The Uncommon Surgical Procedures - Reattachment of severed members



Because an individual's tissues present no histocompatibility problem with other parts of his own body, severed fingers and other members can be rejoined to the rest of the body if vital parts are not damaged beyond repair. Children sometimes suffer amputation of a part of a finger during play or in accidents at home. For example, a finger tip can be severed when caught in a closed door of an automobile. If the severed part of the finger is saved and the patient is given immediate medical care, the finger usually can be rejoined and sutured in place with a very good chance of survival of the graft.

Rejoining a Severed Limb

One of the most dramatic cases of a rejoined limb in American medical annals involved a 12-year-old whose right arm was severed at the shoulder when he was crushed between a train and a tunnel wall in 1962. Railroad workers called an ambulance, and the boy, his severed arm still encased in his sleeve, was rushed to a hospital. The boy was given plasma by physicians who packed the severed arm in ice and flushed out the blood vessels of the arm with anticoagulant drugs and antibiotics. During three hours of surgery, the major veins and artery of the arm were carefully stitched to the vessels at the shoulder. For the next five hours, surgeons joined the bones, located the main nerve trunks and connected them to the nerve ends in the shoulder, and repaired the muscles. The boy was released from the hospital three weeks after the accident but returned for additional operations to connect various nerve fibers. That operation was a success, but similar attempts to rejoin severed arms of middle-aged men have failed despite heroic attempts by surgeons to restore the limbs as functioning parts of the body.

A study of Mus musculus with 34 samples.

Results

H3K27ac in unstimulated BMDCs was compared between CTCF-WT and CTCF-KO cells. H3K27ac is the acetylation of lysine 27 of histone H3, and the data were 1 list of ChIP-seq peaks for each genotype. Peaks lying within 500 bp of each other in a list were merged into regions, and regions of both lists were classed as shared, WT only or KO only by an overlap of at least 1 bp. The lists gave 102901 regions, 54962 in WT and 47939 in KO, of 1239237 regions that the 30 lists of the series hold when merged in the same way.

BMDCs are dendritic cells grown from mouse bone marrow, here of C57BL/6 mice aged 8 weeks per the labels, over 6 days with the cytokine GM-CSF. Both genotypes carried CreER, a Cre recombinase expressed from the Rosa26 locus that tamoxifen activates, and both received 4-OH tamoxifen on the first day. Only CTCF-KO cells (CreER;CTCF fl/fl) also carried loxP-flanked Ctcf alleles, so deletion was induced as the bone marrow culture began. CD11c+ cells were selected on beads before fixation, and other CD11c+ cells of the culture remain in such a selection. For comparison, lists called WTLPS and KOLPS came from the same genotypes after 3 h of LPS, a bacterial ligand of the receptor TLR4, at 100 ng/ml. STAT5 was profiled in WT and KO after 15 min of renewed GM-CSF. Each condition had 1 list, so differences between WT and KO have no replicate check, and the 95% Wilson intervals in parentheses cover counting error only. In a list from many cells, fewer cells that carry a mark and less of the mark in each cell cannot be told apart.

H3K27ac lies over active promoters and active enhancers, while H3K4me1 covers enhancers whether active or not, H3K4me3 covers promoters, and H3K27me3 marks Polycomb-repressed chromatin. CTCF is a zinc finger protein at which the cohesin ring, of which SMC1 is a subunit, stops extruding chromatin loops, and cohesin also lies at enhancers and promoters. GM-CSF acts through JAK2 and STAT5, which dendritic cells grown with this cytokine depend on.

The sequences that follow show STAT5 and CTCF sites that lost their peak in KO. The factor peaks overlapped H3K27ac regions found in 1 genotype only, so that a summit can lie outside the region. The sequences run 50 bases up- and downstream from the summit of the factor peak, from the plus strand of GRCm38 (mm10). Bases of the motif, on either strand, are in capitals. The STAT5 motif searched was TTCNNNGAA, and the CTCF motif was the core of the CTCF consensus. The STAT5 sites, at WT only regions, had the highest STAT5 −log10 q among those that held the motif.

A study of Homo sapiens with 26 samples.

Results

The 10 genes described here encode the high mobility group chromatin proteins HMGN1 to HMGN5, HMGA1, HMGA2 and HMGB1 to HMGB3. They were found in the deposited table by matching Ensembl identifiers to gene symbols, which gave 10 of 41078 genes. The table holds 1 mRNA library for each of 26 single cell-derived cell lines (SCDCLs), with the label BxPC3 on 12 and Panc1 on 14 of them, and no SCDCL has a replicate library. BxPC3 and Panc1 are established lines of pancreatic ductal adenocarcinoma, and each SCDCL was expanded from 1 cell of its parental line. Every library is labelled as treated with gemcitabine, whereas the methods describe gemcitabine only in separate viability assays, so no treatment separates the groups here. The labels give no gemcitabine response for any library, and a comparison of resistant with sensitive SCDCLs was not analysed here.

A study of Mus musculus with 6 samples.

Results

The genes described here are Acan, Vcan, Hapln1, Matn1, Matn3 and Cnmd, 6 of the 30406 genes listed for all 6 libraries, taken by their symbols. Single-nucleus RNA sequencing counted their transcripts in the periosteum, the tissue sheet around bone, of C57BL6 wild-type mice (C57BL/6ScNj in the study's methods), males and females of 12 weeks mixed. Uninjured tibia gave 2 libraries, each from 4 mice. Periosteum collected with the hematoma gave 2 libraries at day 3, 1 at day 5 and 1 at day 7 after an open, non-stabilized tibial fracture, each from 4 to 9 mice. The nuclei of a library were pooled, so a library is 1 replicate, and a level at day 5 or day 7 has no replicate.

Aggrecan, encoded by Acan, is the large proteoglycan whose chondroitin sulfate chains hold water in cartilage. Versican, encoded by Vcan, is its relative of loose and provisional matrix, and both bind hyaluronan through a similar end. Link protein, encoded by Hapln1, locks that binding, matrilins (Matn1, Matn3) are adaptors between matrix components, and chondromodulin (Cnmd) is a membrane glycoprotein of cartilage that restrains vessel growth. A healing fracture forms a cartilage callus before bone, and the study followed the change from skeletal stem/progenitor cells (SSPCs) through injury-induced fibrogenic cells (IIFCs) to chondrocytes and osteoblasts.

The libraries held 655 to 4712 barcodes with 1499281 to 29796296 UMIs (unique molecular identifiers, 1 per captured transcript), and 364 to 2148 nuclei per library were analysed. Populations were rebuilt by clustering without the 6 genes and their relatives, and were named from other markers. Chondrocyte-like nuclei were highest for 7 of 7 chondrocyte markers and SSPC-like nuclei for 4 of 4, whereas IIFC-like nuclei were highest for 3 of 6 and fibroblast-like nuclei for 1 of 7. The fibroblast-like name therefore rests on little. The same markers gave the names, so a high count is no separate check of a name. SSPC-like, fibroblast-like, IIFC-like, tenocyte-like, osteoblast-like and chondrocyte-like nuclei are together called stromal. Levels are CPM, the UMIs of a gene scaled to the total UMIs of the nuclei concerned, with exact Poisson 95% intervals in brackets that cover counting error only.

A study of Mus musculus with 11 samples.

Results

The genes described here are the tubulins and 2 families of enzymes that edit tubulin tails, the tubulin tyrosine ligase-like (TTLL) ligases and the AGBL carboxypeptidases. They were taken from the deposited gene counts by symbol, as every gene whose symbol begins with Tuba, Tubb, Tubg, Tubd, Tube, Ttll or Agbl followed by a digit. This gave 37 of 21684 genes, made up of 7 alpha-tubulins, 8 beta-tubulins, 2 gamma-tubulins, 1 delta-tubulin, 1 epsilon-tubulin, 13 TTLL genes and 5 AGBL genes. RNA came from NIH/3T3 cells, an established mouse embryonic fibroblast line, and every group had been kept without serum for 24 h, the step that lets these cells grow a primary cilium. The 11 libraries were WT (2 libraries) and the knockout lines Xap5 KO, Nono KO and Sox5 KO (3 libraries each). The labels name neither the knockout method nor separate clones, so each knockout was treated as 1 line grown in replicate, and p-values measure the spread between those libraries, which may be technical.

A Chinese factory worker suffered accidental amputation of his right hand when it was caught in a metal-punching machine, and was rushed to a hospital in Shanghai. Chinese medical reports of the case indicate that a procedure similar to the one used on the American boy was followed. Blood vessels were rejoined first to permit the flow of blood to tissues. This was followed by surgery to connect the tendons and main nerve trunks. The bones of the forearm, where the amputation occurred, were joined and held in place with metal plates and screws. Physicians reported that the graft was successful, and the patient, a 27-year-old man, was able to move his fingers again within three weeks after the accident.

Medical records indicate that major reattachments of severed limbs are still rare, although rejoined finger tips, ears, and other parts not involving main arteries, veins, or nerve trunks are not as uncommon.